774. The Effect of a Methicillin-Resistant Staphylococcus aureus Bundle on the Incidence of Hospital-Acquired Infections with Clostridium difficile, Vancomycin-Resistant Enterococcus and MRSA
Session: Oral Abstract Session: Staph aureus: Screening and Prevention
Friday, October 21, 2011: 3:30 PM
Room: 157ABC

Background:  The impact of isolating MRSA colonized patients on the incidence of hospital-acquired infections due to Clostridium difficile and vancomycin-resistant enterococcus (VRE) has not been well described. We investigated the impact of a MRSA contact isolation protocol on the incidence of hospital-acquired infections due to C. difficile and VRE, in addition to MRSA.

Methods: A retrospective cohort design with two groups was used for this observational study. Subjects were assigned into 2 cohorts, consisting of, respectively, all admissions to a single Veterans Affairs (VA) Medical Center's acute care units before the implementation of the nationwide VA MRSA bundle (March 2005 - February 2007) or all admissions to acute care units after implementation of the MRSA bundle (September 2007 - August 2009). The demographic, clinical characteristics and infection rates of the two groups were compared. Medical records of subjects with positive cultures were reviewed to establish presence of hospital-acquired infection due to VRE, C. difficile or MRSA.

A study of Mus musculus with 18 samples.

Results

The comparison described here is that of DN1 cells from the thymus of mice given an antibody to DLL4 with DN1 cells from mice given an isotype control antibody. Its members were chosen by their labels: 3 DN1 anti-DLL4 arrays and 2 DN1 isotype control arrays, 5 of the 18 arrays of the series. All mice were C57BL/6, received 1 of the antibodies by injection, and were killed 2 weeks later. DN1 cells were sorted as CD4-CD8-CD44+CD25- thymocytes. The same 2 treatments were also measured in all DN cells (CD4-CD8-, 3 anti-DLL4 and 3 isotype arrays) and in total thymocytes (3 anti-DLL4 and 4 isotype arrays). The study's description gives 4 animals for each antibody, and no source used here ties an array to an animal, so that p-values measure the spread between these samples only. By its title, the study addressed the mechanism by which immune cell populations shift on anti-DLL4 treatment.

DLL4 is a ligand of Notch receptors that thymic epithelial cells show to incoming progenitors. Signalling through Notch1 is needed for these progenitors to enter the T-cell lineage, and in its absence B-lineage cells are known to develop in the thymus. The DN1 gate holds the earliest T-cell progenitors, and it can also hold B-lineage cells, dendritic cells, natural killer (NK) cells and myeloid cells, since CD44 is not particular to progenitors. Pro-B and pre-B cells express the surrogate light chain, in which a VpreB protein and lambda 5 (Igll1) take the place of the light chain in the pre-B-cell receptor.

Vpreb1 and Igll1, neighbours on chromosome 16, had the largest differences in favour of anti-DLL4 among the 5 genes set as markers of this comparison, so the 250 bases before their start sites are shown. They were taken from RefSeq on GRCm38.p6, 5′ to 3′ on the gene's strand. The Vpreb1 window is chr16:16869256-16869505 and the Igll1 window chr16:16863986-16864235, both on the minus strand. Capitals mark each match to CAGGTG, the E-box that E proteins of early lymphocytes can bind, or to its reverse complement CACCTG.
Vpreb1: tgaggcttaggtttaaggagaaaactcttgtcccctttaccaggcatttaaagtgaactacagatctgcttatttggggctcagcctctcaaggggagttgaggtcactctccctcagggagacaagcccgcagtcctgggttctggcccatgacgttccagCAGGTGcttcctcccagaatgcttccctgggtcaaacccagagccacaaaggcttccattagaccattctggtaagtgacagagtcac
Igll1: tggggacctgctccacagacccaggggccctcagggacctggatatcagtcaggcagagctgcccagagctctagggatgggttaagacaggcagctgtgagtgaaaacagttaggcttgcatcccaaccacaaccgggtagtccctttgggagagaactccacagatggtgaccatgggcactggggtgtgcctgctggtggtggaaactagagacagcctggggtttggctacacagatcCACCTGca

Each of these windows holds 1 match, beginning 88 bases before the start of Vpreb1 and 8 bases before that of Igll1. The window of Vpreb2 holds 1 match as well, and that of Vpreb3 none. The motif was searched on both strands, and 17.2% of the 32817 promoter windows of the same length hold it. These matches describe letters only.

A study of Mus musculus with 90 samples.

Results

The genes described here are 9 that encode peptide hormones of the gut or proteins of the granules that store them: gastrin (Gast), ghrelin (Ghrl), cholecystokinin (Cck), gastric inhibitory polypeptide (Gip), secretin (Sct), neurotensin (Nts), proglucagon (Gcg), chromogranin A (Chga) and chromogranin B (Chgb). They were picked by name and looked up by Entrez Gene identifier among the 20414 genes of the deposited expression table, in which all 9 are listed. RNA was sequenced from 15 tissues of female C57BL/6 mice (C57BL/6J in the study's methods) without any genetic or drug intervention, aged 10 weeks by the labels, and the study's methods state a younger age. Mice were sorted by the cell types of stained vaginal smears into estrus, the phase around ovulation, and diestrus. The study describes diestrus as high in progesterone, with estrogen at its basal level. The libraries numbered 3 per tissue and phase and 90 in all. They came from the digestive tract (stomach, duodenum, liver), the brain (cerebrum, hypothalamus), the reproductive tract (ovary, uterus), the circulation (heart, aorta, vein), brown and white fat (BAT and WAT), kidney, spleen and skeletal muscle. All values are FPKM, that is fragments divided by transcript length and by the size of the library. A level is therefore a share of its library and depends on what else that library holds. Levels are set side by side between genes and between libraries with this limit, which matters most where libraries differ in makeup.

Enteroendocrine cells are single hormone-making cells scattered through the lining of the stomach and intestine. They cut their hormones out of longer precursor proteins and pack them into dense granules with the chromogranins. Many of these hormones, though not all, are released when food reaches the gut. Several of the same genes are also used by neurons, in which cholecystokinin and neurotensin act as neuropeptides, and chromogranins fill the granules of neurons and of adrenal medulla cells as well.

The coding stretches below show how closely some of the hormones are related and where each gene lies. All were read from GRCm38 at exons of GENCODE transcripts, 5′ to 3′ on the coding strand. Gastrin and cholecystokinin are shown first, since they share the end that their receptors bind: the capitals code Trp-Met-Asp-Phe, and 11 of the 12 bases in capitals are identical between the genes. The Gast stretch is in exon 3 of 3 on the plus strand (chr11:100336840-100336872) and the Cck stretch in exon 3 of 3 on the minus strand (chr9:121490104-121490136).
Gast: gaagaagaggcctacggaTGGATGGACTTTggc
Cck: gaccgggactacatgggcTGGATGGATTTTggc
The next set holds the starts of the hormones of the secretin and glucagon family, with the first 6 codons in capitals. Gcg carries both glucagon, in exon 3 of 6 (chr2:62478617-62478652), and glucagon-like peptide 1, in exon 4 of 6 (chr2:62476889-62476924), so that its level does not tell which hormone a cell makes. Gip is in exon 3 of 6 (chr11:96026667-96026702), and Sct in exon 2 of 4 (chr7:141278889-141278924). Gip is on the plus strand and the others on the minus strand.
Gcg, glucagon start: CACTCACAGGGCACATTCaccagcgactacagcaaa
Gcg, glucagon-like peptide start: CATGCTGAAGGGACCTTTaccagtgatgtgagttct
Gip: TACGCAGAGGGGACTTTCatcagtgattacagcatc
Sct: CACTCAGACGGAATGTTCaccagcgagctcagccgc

Results: The preimplementation cohort consisted of 6,590 admissions compared to 8,284 post-implementation. The aggregate rate of hospital-acquired infections due to C. difficile, VRE and MRSA decreased after implementation of the isolation initiative (1.08% to 0.75%; p = 0.042). When examining infections due to specific pathogens, only rates of hospital-acquired C. difficile decreased significantly (0.64% to 0.39%; p = 0.041). 30-day mortality decreased from 6.8% to 5.5% (p <0.001). 

Conclusion: These findings suggest that isolating MRSA-colonized patients has an impact on the incidence of hospital acquired C. difficile. We found no significant change in the incidence of MRSA infections in our institution. This contrasts with the results of the recently published VA Initiative to Prevent MRSA, which showed a significant decrease in the incidence of hospital acquired MRSA infections across Veterans Health System hospitals. Factors unique to each institution likely affect the overall effectiveness of a MRSA bundle. Further research should examine the relationship between contact isolation for MRSA and 30-day mortality.

 


Subject Category: N. Hospital-acquired and surgical infections, infection control, and health outcomes including general public health and health services research

David Saunders, MD1,2, Emilio Perez-Jorge, MD3, Ronald Markert, PhD2, Patti Hoffman, RN, MPH1, Vanessa Christian, RN, MS1, Laila Fernandes, MD1,2 and Jack Bernstein, MD1,2, (1)Veterans Affairs Medical Center, Dayton, OH, (2)Wright State University, Dayton, OH, (3)Lexington Infectious Diseases, West Columbia, SC

Disclosures:

D. Saunders, None

E. Perez-Jorge, None

R. Markert, None

P. Hoffman, None

V. Christian, None

L. Fernandes, None

J. Bernstein, None

Findings in the abstracts are embargoed until 12:01 a.m. EST Thursday, Oct. 20 with the exception of research findings presented at IDSA press conferences.